Enowa AI human thinking artificial intelligence [shutterstock: 411428653, PHOTOCREO Michal Bednarek]
[shutterstock: 411428653, PHOTOCREO Michal Bednarek]
Artificial Intelligence Blog

AI And The Case For Thinking For Yourself

Artificial intelligence (AI) is a beneficial part of our daily lives - it’s not witchcraft. Artificial intelligence supports us in pursuing a common goal: Process excellence.

Digital transformation has changed the way we work together, revolutionizing business processes and models. Digitalization has become part of our everyday life, so much so that imaging a life without it seems impossible. Artificial intelligence (AI) is the new shiny thing that everyone wants to play with, and the magic word is data.

Since May 25, 2018 (introduction of the European General Data Protection Regulation, or GDPR for short), there hasn’t been any doubt to the tremendous importance of data. Companies and websites use it every day to analyze (and subsequently capitalize on) our behavior as consumers. For example, I recently searched the web for a purse that my wife wanted for her birthday – it didn’t even take a minute for ads promoting all kinds of women’s purses to crop up.

AI goes much further: Powerful algorithms hidden behind state-of-the-art software recognize correlations between the burning rainforests in Brazil and a potential terrorist attack in Afghanistan. AI algorithms are most effective at recognizing patterns and drawing conclusions from them, for example in the form of concrete actions or recommendations.

What distinguishes one of the most important subcategories of artificial intelligence – machine learning (ML) – is not only the recognition of patterns, but also the innate ability to train itself to behave in a specific way. Its functionality goes far beyond conventional Boolean operators; machine learning is real learning based on data sets.

Today, the conditions for artificial intelligence and machine learning are more ideal than ever before. Three circumstances have made this possible, first and foremost big data. More data has been generated in the past three years than in the entire history of the Internet. For the year 2020, we assume 44 zettabytes of data – in numbers, that is 10*21 = 10 000 000 000 000 000 000 000 000 000 ¬byte.

This much data of course requires a ton of computing power. With Moore’s Law in mind (the observation that the number of transistors in a dense integrated circuit (IC) doubles about every two years), we know that computing power has increased rapidly since the AI topic began gaining traction in 1956 – which is the second circumstance making the conditions for AI more ideal than ever before. My current calculator has more processing power than my first C64.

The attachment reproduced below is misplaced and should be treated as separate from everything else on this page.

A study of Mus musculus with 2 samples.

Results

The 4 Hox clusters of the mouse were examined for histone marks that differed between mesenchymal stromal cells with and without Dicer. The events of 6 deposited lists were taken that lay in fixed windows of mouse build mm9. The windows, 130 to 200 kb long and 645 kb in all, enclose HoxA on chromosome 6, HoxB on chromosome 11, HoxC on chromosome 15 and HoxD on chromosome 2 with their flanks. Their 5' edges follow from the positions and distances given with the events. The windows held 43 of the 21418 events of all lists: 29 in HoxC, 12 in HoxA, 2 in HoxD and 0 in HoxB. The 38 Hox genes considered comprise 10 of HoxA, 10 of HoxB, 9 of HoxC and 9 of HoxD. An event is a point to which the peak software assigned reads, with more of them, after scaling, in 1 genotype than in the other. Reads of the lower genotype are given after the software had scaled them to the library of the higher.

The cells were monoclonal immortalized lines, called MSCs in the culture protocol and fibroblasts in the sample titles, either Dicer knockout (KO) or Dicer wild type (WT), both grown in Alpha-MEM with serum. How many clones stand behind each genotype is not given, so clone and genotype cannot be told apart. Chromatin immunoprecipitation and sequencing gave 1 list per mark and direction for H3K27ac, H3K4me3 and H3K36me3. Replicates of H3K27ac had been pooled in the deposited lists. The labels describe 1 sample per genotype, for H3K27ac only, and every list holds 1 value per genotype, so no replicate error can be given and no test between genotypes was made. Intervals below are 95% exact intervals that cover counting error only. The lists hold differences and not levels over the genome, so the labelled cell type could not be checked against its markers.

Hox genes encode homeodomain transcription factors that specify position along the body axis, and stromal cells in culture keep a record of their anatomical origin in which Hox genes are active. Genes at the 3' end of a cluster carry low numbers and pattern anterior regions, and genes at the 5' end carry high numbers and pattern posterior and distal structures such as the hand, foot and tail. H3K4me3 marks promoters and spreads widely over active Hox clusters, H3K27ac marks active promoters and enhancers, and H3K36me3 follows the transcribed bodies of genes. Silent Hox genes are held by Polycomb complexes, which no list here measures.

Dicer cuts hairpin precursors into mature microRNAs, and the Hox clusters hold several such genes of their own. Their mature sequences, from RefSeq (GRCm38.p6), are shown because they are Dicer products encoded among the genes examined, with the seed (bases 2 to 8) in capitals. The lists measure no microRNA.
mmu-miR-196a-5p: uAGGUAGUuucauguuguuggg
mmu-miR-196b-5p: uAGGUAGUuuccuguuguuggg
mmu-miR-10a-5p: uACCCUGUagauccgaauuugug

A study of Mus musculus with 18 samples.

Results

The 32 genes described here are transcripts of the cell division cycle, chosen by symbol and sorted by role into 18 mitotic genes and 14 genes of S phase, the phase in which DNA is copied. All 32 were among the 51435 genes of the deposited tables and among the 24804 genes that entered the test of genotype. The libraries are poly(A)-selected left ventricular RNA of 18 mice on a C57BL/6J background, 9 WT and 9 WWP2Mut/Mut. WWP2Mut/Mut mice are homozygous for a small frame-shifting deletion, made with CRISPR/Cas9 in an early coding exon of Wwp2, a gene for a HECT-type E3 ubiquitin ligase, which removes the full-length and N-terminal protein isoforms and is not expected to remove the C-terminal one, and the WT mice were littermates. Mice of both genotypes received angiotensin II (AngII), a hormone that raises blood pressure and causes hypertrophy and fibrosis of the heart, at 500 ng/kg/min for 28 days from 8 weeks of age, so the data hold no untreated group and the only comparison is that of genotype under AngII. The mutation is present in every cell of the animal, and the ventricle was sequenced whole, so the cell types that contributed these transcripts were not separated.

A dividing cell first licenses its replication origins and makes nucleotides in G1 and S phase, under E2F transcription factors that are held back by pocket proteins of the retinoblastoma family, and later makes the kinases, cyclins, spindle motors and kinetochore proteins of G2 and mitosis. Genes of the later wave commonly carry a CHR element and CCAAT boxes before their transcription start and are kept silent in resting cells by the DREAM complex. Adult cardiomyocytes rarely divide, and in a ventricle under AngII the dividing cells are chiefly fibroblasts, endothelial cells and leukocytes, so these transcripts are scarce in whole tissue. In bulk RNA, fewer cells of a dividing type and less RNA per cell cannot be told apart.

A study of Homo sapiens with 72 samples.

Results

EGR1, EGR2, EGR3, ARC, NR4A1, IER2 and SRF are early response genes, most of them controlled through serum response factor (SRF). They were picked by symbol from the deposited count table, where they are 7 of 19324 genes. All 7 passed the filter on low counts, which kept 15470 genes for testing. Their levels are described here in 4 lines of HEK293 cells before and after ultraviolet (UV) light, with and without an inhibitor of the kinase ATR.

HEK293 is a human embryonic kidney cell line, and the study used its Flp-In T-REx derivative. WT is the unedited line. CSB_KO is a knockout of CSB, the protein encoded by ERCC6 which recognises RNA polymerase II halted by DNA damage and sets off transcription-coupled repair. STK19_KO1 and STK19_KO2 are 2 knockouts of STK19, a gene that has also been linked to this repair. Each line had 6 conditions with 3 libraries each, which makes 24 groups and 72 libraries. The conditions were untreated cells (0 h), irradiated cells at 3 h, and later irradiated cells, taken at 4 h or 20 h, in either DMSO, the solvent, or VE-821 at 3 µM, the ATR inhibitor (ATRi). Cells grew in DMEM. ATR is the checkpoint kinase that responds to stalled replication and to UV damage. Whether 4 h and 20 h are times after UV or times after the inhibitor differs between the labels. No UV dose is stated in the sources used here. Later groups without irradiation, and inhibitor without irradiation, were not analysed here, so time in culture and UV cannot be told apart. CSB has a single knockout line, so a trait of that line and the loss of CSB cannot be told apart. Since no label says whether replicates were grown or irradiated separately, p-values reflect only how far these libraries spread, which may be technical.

The third circumstance concerns algorithms. Development environments like Jupyter notebook in combination with open source libraries are easily accessible for everyone and are no longer an insurmountable hurdle.

Digital Innovation Lab for AI

There are several approaches for different aspects of data management and the AI lifecycle. However, assembling and fitting them to your own needs can be a challenging experience.

That’s why we created the Digital Innovation Lab which gives us all the tools we need to identify, test and capitalize on trends. It helps us illuminate, question and test modern technologies to their limits. The Digital Innovation Lab is about questioning the status quo, exploring new possibilities and discovering how we and our customers can work in a more target-oriented, standardized manner. At our core, however, we are and will remain SAP consultants – which is why we of course have already tested all imaginable scenarios in SAP Data Intelligence 3 (even though it has only been available to the general public since March 2020).

We need the right information as well as the right quantity and the right quality of data to achieve the right results. Of course, we do not know what the results will be in advance – our clients are often surprised by their own data. While we define the use case and vision in advance, we keep an open mindset to what is coming. I can confidently say that the whole process of data exploration and feature engineering needs a lot of brainpower – you are forced to think for yourself. Even if the algorithms are predetermined, business users have to think about resulting insights and derive actions from them. Artificial intelligence does not abolish (human) thinking, it merely enhances it.

E-3 Magazine July/August 2020 (German)

About the author

Hauke Schaper, Enowa

Hauke Schaper is Senior Consultant at Enowa.